The American court system is a very important part of the country’s fabric, but it is also a very complex network of separate, but related institutions. The courts can be divided into categories based upon a number of different factors. There are federal and state courts, which are divided based upon responsibilities and jurisdiction. There are criminal and civil courts, which can be either federal or state, and they handle their own matters. Likewise, within both the federal and state court system, there are different levels of courts, from the trial level up to the appellate level, each with special responsibilities and duties according to the law. Some believe that the courts are too political in all areas, as they argue that this goes against the design of the courts, which was originally to serve as a non-political check on government influence. In all, the courts are highly important but quite controversial, and they are somewhat difficult to understand for those without intimate experience within the courts.


The Tenth Amendment of the Constitution provides the states with all powers that are not specifically given to the federal government by the constitution. What this means, then, is that states have the power to establish their own courts, including criminal and civil courts. While many states differ on their arrangements, most have state level courts that handle misdemeanor and felony crimes. Some will then have appellate courts that handle appeals in criminal cases. In states like Texas, the courts of appeals handle both criminal and civil appeals, while other states separate their appellate courts. Many states also have a supreme court that serves as the last review of an issue within the state.

One of the most interesting things about the interplay between state and federal courts has to do with how civil cases are heard. Criminal cases are quite simple when it comes to jurisdiction – if a person is charged with a state crime, he goes to state court. If he is charged with a federal crime, he goes to federal court. In the civil system, a plaintiff gets to choose where to file a case. Generally speaking, when the parties to a lawsuit are from the same state and the amount in controversy is not all that much, then state courts will hear issues of state law. In cases where there is a lot of money at stake and one of the parties is from a different state than the other, then the federal court will hear the case, applying state law (Gunther). If the issue is one of federal law, then federal courts will hear it. Where to file can be a major strategic decision, as most plaintiffs like to be in state court, where the juries tend to award more in damages if they happen to win.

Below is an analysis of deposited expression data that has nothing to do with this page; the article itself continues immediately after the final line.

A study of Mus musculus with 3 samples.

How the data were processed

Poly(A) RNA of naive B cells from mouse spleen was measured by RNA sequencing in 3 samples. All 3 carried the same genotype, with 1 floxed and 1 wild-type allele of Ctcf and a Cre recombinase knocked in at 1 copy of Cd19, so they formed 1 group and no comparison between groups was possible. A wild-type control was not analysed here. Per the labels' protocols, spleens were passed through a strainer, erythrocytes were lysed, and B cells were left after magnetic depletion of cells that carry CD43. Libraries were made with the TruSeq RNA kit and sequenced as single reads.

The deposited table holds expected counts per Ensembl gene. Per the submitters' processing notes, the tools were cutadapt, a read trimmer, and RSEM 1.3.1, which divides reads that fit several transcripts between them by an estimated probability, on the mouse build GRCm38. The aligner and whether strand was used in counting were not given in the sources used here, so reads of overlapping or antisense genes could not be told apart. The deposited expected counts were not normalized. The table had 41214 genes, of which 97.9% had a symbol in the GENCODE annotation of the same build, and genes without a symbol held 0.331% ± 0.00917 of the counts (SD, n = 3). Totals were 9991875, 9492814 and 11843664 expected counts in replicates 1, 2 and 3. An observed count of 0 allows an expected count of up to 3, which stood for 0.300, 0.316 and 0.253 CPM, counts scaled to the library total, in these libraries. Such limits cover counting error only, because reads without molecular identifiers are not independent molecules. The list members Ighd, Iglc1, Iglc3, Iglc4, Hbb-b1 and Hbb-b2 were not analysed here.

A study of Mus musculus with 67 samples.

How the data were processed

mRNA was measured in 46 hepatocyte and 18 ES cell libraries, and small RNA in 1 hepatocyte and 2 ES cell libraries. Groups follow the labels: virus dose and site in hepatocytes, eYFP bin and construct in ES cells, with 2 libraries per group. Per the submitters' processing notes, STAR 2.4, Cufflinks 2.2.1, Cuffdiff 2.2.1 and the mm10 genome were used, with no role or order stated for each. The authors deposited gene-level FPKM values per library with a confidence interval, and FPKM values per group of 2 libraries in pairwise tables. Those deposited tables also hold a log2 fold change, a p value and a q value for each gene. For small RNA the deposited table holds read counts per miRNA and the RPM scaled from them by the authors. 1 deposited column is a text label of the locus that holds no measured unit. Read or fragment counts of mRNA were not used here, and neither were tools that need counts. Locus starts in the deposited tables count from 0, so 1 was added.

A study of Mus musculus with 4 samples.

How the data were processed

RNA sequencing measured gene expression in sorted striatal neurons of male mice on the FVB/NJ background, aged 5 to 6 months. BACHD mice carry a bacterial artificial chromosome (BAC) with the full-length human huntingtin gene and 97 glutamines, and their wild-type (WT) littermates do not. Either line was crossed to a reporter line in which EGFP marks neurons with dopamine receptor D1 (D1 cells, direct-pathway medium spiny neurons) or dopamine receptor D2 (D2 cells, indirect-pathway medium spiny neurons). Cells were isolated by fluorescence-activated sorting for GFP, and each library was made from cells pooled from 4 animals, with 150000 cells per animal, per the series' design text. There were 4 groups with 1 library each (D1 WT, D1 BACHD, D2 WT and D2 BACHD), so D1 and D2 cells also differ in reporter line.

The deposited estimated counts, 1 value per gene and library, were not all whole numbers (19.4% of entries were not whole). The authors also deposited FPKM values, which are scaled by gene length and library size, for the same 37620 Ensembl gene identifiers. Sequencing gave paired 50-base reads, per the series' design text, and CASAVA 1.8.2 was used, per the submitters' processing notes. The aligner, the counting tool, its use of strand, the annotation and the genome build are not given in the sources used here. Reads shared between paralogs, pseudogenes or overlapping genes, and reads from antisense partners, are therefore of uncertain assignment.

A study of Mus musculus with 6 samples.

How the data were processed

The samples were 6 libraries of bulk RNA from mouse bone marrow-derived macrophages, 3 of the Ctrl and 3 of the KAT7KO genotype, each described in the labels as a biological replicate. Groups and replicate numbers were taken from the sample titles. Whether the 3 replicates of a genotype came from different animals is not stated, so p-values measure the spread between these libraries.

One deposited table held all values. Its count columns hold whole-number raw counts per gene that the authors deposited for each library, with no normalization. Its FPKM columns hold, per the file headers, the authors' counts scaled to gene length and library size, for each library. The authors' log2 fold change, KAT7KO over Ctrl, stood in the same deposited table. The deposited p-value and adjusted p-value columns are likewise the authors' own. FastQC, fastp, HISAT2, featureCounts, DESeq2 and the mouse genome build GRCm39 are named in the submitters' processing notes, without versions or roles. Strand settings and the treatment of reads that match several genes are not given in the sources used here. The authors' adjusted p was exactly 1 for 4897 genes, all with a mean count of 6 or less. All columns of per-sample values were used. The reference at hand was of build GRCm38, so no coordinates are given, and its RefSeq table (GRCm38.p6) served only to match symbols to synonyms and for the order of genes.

At the higher levels, the Supreme Court and federal courts are largely engaged in the business of checking government power. Since Marbury v. Madison, the Supreme Court has had the ability to conduct judicial review of laws (Marshall). This allows the court to assess whether a law passes constitutional muster. The idea is to ensure that congress or the president are acting within their authority under the law. Courts do not simply get to offer advisory opinions, though. They have to hear actual cases, and their rulings have to deal directly with the facts of those cases.

One of the primary criticisms of the higher federal courts is that they are too political. Justices and judges are appointed by presidents. While they are appointed for life and they do not have to face re-election, they are generally partisan in some way. Many feel that the Supreme Court splits on ideological lines rather than actually applying the law. Since this body is meant to be one that checks government power and simply operates based upon legal principle, many people are troubled when the court appears to be acting with political motives rather than trying to uphold the law. This can undermine the quality of decisions for the Court, and it also undermines public confidence in the Court’s capacity to do its job. While the Court often plays an important role in ensuring that peoples’ rights are protected and the Bill of Rights is not violated, they can be subject to political pressures and gamesmanship, which goes against the spirit of the Court’s purpose.